Stress is a killer, so do everything you can to reduce it in your llfe.
There are natural ways to reduce stress, including a change in your perception of it, and maybe, a nightly cocktail, says health columnist. Photo supplied.

What is the world coming to? Recent news has artificial intelligence (AI) researchers and CEOs warning of an “extinction risk” from technology running wild. Forest fires are literally running wild too. If these things don’t get you stressed, then how about the rest of the pressures of everyday life?

Stress is, according to the World Health Organization, “a natural human response that prompts us to address challenges and threats in our lives.” What a gentle way to put it. Scientific experiments attempting to identify the health impacts of stress suggest this natural response may be taking years from our life expectancy.

In one study, Stanford and University of California cell biologists, biochemists, and psychologists examined blood cells in the body’s immune system, comparing highly stressed individuals with a comparable unstressed group. They found the cells looked different in three ways.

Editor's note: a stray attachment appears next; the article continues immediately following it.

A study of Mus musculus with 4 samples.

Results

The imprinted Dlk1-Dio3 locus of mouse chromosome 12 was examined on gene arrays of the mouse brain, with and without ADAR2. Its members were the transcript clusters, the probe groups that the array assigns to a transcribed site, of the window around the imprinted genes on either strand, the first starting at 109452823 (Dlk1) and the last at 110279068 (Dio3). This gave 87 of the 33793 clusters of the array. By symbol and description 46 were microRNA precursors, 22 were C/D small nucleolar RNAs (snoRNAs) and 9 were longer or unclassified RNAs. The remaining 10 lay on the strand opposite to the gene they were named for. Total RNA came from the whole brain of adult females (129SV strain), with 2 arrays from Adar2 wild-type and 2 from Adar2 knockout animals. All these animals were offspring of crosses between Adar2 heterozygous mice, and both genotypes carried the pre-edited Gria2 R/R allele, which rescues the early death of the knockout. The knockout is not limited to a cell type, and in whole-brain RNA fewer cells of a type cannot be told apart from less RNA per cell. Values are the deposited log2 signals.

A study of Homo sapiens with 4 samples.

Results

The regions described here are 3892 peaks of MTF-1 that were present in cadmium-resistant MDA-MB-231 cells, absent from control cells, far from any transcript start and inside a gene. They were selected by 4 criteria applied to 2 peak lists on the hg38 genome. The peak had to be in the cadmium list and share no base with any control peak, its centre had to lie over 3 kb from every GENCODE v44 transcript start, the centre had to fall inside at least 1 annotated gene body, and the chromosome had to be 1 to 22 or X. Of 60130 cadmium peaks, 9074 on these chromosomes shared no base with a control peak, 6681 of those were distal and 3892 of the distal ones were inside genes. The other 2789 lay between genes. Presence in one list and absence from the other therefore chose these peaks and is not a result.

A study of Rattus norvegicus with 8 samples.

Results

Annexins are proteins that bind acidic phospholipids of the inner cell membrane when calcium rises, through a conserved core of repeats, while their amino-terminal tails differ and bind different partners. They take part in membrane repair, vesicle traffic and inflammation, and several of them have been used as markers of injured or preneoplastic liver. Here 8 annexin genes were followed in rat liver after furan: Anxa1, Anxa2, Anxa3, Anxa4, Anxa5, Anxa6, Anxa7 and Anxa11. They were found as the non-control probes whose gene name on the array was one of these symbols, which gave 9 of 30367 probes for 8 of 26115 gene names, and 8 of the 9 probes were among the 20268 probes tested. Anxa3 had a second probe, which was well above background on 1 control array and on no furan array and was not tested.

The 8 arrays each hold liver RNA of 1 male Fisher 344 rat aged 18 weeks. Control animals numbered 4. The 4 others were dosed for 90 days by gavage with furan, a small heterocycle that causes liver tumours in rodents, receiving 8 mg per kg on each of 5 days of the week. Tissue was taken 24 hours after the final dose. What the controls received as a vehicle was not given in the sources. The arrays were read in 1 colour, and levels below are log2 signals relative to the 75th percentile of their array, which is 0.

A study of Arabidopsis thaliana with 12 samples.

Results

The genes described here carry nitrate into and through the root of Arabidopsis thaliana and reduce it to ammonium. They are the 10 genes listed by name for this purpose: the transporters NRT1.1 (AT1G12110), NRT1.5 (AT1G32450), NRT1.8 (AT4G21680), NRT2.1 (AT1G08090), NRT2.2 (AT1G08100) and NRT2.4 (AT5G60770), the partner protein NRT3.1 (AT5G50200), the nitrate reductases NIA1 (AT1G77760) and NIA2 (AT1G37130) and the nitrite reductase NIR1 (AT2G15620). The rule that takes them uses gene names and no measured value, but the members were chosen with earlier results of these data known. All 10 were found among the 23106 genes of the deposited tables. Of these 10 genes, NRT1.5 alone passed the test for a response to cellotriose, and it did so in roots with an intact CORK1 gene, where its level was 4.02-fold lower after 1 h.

First, cells of the stressed group had shorter telomeres--bits of DNA--which made participants look 10 years older than their chronological age. The stressed group also had lower levels of telomerase, an enzyme that repairs damaged telomeres, but higher levels of free radicals, a volatile molecule that can damage DNA.

Other studies have shown the negative effects of stress on the nervous system, digestive system, cardiovascular system, memory, behaviours, and so on.

Studies on longevity and stress suggest it’s less a question of whether or what kind of stress you face, it’s how you feel about it and how you respond. The comedian, George Burns, who famously lived to 100, remarked, “If you ask what is the single most important key to longevity, I would have to say it is avoiding worry, stress and tension. And if you didn’t ask me, I’d still have to say it.” Humour is an excellent antidote to stress.

Other natural approaches are also recommended as a first line of defence. Having a drink at the cocktail hour qualifies. In our opinion, for some people, the benefits of moderate alcohol consumption can outweigh the risks recently making news.

Stress is a very personal thing and so is how you choose to ease it. Always remember, the best first course of action in fighting any health threat is to assess whether there is a safe, effective, natural solution.